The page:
No one ever said that a ref’s life was an easy one. From being barracked on the field to being chased off it by irate players and sometimes supporters, to players pretending to be injured and others deliberately cheating to gain an advantage for their team – these are just some of the problems we have to deal with game in and game out.
Why do we do it? I don’t have the answer. It’s just that it’s like a drug and we need our “game” fix at least once a week.
Two incidents that bear closer inspection happened recently with two different referees on two different continents.
The first was in England in a game between Leeds United and Aston Villa. I have never seen anything like it. There was a foul on an Aston Villa player in the middle of the field. The player was on the ground “injured”. I deliberately put the word in quotation marks because it’s extremely difficult these days to know whether a player is actually injured or just pretending – in other words, cheating.
The ref saw nothing wrong and allowed play to continue. Leeds went on and scored, and all hell broke loose.
The normal, acceptable course of action is that the ball is put out of play by either team and the player receives attention, but not in this case.
After the pushing and shoving had subsided, the ref dished out disciplinary punishment, including a red card, and play continued. The goal stood.
Somewhere in between it was secretly agreed that Aston Villa, as the aggrieved party, would be allowed to go and score uncontested. And so the game ended 1-1 (see article on this page regarding the same incident).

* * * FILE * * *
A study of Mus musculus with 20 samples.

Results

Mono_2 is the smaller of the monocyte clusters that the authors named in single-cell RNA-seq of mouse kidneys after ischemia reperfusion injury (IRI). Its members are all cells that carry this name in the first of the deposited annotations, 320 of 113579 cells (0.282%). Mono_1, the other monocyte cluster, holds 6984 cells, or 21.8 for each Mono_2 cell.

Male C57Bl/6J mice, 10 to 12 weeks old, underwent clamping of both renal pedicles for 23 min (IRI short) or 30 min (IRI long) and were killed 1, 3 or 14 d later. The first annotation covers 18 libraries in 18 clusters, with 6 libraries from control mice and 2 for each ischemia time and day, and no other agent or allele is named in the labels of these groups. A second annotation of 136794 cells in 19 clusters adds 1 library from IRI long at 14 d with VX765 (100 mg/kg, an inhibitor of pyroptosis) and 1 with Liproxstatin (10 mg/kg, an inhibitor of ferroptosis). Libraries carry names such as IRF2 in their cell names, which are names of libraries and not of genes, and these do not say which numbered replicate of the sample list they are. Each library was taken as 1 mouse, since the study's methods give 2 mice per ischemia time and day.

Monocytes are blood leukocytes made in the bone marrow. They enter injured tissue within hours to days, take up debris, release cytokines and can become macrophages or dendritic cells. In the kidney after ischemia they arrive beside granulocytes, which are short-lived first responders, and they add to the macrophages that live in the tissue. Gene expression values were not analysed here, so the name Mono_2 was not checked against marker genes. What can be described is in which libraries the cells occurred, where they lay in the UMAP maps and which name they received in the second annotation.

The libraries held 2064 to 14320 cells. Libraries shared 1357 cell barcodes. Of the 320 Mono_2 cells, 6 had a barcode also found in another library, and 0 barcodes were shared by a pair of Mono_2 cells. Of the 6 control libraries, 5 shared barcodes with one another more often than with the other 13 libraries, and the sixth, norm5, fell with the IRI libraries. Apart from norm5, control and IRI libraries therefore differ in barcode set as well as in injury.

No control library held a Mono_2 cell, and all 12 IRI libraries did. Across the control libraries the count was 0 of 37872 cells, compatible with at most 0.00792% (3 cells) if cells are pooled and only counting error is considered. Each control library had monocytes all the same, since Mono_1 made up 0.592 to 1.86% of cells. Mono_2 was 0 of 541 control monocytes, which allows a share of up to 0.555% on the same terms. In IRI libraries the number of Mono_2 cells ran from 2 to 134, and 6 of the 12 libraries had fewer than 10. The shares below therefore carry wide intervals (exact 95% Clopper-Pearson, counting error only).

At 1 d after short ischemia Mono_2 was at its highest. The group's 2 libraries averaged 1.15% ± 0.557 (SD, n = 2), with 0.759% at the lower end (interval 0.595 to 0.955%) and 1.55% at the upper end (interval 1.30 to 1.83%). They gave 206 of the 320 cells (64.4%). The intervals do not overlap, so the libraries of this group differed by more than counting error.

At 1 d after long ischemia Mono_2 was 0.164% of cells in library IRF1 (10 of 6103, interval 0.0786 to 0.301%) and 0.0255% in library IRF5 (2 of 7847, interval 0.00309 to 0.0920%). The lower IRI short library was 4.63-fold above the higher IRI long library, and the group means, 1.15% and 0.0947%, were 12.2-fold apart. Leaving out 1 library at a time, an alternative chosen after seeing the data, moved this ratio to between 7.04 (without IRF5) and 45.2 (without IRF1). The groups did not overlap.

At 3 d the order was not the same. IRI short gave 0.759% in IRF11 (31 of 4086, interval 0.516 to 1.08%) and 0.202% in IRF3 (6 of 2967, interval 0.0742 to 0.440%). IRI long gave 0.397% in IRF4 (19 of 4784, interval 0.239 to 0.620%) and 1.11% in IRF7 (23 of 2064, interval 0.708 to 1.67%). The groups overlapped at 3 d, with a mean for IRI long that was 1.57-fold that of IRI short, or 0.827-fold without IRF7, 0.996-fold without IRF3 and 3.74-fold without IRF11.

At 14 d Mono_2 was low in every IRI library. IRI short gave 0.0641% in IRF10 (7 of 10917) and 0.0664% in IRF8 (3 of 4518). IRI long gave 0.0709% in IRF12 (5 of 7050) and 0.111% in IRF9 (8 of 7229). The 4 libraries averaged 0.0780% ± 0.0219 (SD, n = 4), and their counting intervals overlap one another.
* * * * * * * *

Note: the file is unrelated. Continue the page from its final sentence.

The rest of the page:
The second incident was in South Africa in a game between SuperSport United and Bidvest Wits.
The ball was blasted in, hit the underside of the crossbar, and then bounced down and over the line and out again.
Wits were claiming a goal. The ref wasn’t sure and decided to consult with his assistant. Following a brief lull and an even briefer conversation, the referee decided that the ball had not crossed the goal line, so the goal was ruled out and that game also ended 1-1.
Now, firstly, let me state here and now so that there is no misunderstanding – Law 5 (Referees) of the Fifa Laws of the Game states quite unambiguously (paraphrased) that the ref’s decision is final. He has the final say. You may not like it, but that’s the way it is.
Even with the now famous or infamous video assistant referee (VAR) system, the referee on the field still has the final say.
There is one common thread between England and South Africa – neither use VAR.
What I did notice in the South African game was that the referee and his assistants also did not have earpieces. Not that that would have made any difference, because they also don’t have goal-line technology, the watch-like instrument worn on the right hand to indicate if the ball has crossed the line or not.
Incidentally, they also don’t have the “magic spray” that is used to mark out the 9.15m spot for free kicks.
So, to sum up, the referee in England was 100% correct to allow the game to continue. He is also powerless to stop a goal being scored at the other end uncontested.
In the South African case, the referees need their equipment to be working, although it would not have mattered in this case.
Why is there a necessity for VAR? Why can’t Safa or the PSL sanction a referee to sit in the SuperSport (the official broadcaster) broadcast unit and assist the referee from there?
There are plenty of replays and a decision could be made in less than one minute.
But if the guys don’t have their earpieces, it makes this suggestion null and void.